Hull is not often hailed as the starting point for anything, let alone groundbreaking British movies. Yet this comedy's origins lie in a drama workshop in that very city. From there it went to London's glittery West End as a very successful play, before then crossing the Atlantic for a sell-out run in Atlanta, Georgia. Now it's finally become the latest oddball Brit outing on the big screen, albeit in a slightly altered form.
It starts in a utilitarian British university in the '70s - all flares, dodgy haircuts and wear-five-days-in-a-row underwear. Five pals are introduced - self-assured Scott (Adrian Lester), his girlfriend, promising art student Bryony (Amy Robbins); likeable hippy Keith (Daniel Ryan); style-free Angela (Clare Cathcart); and good-natured Tim (Billy Carter). It is the eve of the group's first big gig, supporting the legendary Lindisfarne, and the even more legendary Tony Blackburn. Fame beckons and the future looks bright. Of course, it all then goes horribly wrong, and the film picks up the group's lives in both the '80s and the '90s.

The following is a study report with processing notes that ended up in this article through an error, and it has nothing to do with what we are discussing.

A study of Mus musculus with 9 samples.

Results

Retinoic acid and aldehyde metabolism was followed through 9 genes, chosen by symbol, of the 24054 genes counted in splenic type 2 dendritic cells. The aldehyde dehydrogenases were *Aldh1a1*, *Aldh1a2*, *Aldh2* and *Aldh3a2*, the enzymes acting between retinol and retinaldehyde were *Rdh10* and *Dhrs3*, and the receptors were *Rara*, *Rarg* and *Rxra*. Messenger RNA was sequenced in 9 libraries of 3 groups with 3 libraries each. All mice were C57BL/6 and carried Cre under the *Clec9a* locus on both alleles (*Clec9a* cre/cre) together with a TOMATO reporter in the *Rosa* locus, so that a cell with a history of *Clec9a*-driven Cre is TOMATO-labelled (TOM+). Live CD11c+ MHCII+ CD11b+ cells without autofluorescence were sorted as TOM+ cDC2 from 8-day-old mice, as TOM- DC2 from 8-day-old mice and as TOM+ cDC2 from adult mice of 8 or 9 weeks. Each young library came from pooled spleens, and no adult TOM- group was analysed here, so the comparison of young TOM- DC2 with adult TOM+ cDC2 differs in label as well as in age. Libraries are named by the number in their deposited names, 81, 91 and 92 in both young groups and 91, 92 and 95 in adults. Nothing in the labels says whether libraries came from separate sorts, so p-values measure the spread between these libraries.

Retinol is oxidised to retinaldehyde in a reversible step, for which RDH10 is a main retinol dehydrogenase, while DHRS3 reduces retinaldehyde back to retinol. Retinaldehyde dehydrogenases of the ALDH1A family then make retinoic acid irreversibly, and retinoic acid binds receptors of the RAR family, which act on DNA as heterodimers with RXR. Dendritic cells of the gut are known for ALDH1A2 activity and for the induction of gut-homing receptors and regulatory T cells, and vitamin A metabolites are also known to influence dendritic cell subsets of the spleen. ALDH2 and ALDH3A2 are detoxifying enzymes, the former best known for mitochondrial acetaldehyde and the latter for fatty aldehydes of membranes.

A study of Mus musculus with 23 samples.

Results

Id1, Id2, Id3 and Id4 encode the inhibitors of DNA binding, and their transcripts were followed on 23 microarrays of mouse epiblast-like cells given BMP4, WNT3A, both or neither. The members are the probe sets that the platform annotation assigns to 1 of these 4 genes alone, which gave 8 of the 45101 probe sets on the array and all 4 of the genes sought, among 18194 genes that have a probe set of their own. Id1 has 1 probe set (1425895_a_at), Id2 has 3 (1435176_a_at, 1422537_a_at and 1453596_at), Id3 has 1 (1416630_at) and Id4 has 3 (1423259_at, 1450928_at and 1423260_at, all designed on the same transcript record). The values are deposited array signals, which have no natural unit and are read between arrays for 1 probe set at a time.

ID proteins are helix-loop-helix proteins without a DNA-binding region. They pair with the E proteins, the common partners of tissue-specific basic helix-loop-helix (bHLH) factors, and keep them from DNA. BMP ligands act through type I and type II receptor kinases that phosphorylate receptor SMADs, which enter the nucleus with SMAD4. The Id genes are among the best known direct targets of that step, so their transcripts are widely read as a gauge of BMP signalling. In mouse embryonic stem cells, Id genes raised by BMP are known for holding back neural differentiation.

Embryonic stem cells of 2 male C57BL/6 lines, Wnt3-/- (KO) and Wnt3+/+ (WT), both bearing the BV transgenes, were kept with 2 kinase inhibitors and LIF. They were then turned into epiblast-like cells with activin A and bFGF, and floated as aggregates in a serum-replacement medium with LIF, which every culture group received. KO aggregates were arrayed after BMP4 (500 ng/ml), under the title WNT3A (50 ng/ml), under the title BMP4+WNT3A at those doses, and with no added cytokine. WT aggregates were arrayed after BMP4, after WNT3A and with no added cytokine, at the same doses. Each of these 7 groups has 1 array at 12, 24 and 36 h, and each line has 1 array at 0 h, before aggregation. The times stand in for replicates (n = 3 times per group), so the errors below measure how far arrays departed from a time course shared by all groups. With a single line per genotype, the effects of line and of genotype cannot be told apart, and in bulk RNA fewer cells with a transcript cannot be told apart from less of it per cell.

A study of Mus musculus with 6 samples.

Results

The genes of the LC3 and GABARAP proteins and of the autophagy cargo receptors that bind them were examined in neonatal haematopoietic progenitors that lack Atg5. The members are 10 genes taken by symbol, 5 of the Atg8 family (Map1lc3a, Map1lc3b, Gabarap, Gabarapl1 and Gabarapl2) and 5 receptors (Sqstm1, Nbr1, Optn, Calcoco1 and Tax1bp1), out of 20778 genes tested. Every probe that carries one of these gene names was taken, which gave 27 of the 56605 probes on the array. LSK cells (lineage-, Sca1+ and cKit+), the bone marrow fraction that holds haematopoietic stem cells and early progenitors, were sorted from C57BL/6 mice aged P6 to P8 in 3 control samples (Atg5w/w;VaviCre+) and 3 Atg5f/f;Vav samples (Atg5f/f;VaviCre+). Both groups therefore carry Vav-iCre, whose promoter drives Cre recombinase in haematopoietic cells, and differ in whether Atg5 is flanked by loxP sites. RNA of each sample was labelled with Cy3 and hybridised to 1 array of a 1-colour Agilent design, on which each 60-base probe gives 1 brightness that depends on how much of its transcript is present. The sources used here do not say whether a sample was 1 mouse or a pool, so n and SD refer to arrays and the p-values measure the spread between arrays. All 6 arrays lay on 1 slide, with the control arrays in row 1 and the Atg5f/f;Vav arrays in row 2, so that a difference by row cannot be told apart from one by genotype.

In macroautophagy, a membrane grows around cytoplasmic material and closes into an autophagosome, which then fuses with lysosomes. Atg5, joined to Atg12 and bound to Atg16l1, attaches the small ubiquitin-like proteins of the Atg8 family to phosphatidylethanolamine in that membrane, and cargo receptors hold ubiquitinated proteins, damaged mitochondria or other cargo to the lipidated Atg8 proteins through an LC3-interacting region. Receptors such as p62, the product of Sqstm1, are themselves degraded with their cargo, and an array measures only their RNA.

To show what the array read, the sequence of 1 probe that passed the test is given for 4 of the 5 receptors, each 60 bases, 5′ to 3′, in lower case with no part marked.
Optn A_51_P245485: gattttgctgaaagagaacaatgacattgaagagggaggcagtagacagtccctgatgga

Their tangled lives develop humorously, tragically, but always watchably. The cast are extremely likeable and grow older gracefully without resorting to unrealistic wigs and make-up. What binds them is the singing, but their habit of bursting into Motown and '70s classics at moments of tension doesn't always come off. Yet an impromptu concert on a roof goes down a storm, while a rehearsal at a wedding is the chance for a more meaningful exchange; simultaneously awkwardly funny and moving.
There are also moments of classic comedy as well. Tim becomes the daredevil presenter of a top children's TV programme and then finds himself roped into recreating that loveable, yet practical, role off-screen. Keith is attracted to a Womble costume and Bryony conducts a painfully awful romance, much to the group's disgust, with her ex-tutor, slaphead Gavin.
Up On The Roof is worth watching, even if only to catch the cast on their way to greater things. Adrian Lester has already been cast opposite Emma Thompson and John Travolta in Primary Colors. On this evidence, his friends will not be far behind.
A refreshing British comedy, with belly-wrenching laughs, a truly talented cast making impressive screen debuts and some sparkling dialogue. But a few too many songs slow down the action.